With David Ortiz officially a retired baseball player (this is the first time I’ve typed that out and now I’m sad), we’re looking at the greatest moments over his storied career. “Storied” isn’t just an adjective most commonly used to describe great athletes; it’s the most apt description of Ortiz’s playing days. It really was a story in the truest sense of the words, and a reminder that the negative connotation around the word “narrative” isn’t always fair. The narrative around Ortiz’s career, and the thing we’ll remember him most for, is the ability to come through in the biggest moments. The clutchness, which I’m like 90 percent sure isn’t a word but should be.
As we look through the top moments of the career, these clutch hits are going to be the ones that are most heavily featured. This should be obvious, as these moments are large in both quantity and quality. I’m going to go in another direction, though. One of the great disservices of recent Red Sox seasons is that they wasted some great Ortiz seasons in 2014 and 2015 with truly bad ball clubs. He did manage his 500th home run in that 2015 campaign, however, and that is one of those times that I will never forget despite the fact that the home run had little to no effect on the Red Sox season. Even if it was mostly meaningless beyond hitting an arbitrary milestone, it represents so much about his career and my time watching the Red Sox in general.
We all know the Ortiz story at this point, and while I can’t speak for everyone I know I’ve sort of taken his path for granted. It’s been so long since he first came to Boston that I solely think of him as the great hitter he quickly turned into rather than acknowledging just how unlikely any of this ever was. I mean, he was straight-up released by the Twins. Do you know how hard it is to not even get claimed as a 26-year-old? Carlos Marmol is the type of player who gets cut, not David Ortiz. Now, it’s clear that this was a mistake by Minnesota and the rest of the league. Even if he wasn’t the player we know now at that point in his career, he was still an above-average hitter who averaged over 20 home runs per 162 games. That’s a guy who deserves a chance.
With that being said, I can’t stress enough how unlikely any of this is. Ortiz was never supposed to be the type of player to have a feature written about him upon his retirement, never mind a giant series of them on one website. And yet, here he was in a meaningless September game going after one of the most storied milestones in a spot defined by career achievements. You know, before he came to the Red Sox he had just 58 home runs through his age-26 season. Among every other player in baseball history with that low of a home run total at that point in their career (and there are hundreds), no one else had reached even 400 homers. And yet, he entered this game with 498. Number 499 would come in the first inning, off of Matt Moore. This set up for another plate appearance in the fifth, which you can watch below.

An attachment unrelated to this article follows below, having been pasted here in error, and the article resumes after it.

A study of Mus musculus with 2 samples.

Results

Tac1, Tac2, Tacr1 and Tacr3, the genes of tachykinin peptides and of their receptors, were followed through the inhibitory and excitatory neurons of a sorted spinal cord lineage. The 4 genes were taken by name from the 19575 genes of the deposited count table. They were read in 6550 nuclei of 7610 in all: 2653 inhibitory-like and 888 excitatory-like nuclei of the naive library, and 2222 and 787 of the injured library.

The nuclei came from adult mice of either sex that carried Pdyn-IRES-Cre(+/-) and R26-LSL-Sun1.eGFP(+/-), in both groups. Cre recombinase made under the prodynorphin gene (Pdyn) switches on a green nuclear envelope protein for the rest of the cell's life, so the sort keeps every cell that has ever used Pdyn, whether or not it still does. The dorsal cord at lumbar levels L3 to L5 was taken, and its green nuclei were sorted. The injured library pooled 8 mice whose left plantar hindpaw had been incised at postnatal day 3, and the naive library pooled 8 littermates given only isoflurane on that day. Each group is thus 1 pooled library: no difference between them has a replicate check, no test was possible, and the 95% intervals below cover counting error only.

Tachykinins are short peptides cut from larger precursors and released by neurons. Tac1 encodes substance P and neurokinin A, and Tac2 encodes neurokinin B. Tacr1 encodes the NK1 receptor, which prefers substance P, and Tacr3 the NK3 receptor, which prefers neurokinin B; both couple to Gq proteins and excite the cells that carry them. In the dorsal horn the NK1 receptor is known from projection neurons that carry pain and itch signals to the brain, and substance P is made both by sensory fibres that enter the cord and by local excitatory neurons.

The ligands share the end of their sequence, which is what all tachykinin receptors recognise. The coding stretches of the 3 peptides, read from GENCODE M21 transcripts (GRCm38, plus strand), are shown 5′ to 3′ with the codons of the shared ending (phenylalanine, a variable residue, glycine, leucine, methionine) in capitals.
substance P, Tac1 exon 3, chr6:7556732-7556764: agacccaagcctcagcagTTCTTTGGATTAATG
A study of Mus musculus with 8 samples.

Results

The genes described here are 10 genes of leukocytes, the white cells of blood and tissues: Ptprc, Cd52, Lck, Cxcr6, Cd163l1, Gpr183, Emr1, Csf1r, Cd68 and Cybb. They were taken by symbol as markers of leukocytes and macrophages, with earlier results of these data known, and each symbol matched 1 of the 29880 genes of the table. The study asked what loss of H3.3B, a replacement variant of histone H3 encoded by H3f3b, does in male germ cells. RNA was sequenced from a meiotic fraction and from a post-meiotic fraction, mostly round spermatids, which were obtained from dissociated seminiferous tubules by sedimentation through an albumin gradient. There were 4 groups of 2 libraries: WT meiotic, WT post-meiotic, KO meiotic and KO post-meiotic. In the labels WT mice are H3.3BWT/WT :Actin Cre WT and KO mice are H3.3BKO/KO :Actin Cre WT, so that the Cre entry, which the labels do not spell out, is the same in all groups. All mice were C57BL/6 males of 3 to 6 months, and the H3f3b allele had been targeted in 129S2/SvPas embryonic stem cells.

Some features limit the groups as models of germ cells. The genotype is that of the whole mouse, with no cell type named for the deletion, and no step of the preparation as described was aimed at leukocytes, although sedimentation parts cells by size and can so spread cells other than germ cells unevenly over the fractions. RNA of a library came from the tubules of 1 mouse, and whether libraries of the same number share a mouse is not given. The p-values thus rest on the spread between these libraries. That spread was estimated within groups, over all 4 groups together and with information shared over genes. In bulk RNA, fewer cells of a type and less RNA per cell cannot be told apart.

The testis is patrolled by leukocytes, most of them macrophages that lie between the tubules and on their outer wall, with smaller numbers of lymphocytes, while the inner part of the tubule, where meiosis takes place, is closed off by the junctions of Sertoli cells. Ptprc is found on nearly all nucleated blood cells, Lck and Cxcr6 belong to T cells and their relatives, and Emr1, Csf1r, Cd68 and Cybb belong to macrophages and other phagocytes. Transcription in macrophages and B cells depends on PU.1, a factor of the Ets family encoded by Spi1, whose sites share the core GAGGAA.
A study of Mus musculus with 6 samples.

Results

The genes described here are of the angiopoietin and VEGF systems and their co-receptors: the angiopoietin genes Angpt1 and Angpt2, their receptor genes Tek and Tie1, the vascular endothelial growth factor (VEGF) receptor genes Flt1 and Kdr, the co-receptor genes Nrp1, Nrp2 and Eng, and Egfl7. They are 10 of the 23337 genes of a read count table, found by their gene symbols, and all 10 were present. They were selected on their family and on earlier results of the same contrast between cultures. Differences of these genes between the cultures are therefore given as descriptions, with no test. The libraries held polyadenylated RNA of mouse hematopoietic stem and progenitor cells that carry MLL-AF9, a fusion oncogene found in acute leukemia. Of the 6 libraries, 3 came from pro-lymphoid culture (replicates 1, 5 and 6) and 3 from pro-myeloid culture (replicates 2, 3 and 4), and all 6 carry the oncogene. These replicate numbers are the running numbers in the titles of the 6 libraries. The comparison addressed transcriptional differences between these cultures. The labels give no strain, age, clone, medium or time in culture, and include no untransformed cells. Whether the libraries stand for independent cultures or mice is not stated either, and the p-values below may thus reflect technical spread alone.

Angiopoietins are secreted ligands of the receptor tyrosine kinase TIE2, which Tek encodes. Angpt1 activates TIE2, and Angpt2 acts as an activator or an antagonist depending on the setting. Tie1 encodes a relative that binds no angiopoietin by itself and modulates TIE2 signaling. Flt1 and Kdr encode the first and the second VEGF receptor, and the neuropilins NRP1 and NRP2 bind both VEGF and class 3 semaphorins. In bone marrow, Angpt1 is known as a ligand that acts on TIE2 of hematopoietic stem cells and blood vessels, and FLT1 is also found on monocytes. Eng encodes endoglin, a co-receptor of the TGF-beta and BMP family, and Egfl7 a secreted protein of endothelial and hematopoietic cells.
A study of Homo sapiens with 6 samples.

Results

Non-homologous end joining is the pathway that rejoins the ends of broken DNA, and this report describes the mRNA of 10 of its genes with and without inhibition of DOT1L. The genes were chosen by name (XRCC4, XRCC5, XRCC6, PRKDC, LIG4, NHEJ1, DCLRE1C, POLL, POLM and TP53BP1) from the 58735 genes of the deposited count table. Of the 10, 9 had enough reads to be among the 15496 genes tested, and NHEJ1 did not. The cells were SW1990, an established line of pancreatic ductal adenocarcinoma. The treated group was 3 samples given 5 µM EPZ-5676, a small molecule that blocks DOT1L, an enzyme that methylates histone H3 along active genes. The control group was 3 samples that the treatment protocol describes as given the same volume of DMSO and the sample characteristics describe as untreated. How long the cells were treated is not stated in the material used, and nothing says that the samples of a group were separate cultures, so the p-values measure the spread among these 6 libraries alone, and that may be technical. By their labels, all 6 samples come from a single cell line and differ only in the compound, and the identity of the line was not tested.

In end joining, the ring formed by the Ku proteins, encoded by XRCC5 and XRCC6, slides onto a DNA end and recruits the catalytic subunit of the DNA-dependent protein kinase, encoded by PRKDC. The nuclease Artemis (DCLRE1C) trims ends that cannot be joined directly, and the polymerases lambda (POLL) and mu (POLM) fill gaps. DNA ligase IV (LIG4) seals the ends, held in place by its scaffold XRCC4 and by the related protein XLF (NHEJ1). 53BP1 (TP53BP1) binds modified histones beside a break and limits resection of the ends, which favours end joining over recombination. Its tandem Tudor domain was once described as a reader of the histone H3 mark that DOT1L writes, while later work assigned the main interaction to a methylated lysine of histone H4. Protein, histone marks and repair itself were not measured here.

It’s not just how unlikely it is that Ortiz ever reached this point that makes me love this milestone homer. There’s also the fact that Don Orsillo was on the call. I know this is supposed to be about Ortiz, and it still is, but if anyone is as close to as intertwined in my Red Sox fandom as Ortiz, it’s Orsillo. The former announcer started calling Sox games in 2001 when I was just 10. There probably aren’t more than a handful of voices I’ve heard more in my life than Orsillo. I don’t need to tell anyone here how heartbreaking it was that NESN was letting him walk after the 2015 season. It’s not quite the same kind of pain of Ortiz retiring, but it’s as close as a non-player leaving can be.
When NESN’s announcement was made, it was clear that Ortiz would eventually hit his 500th, but it wasn’t a sure thing it’d happen before Orsillo left. Had the milestone come in 2016, I’m sure Dave O’Brien would’ve been fine on the call. Orsillo deserved it, though. He had called just about all of the previous 499, and the 500th is one that will be replayed for years to come. Being able to hear Orsillo’s voice in those instances makes the moment all the better.
There are so many things we’ll remember Ortiz for. The walkoffs and other huge hits in clutch situations will obviously be the number one. The speech after the Marathon bombing in 2013 will probably be number two. His general personality will be up there. Lost in all of that, though, is how unlikely and inspirational his story is. He never should’ve gotten to this point, and he sure as hell was never supposed to join the 500 home run club. On its face, it was a meaningless dinger in a blowout at the end of a lost season. What it represents makes it eminently memorable among all of Ortiz’s other moments. The fact that Orsillo narrated it just puts the cherry on top.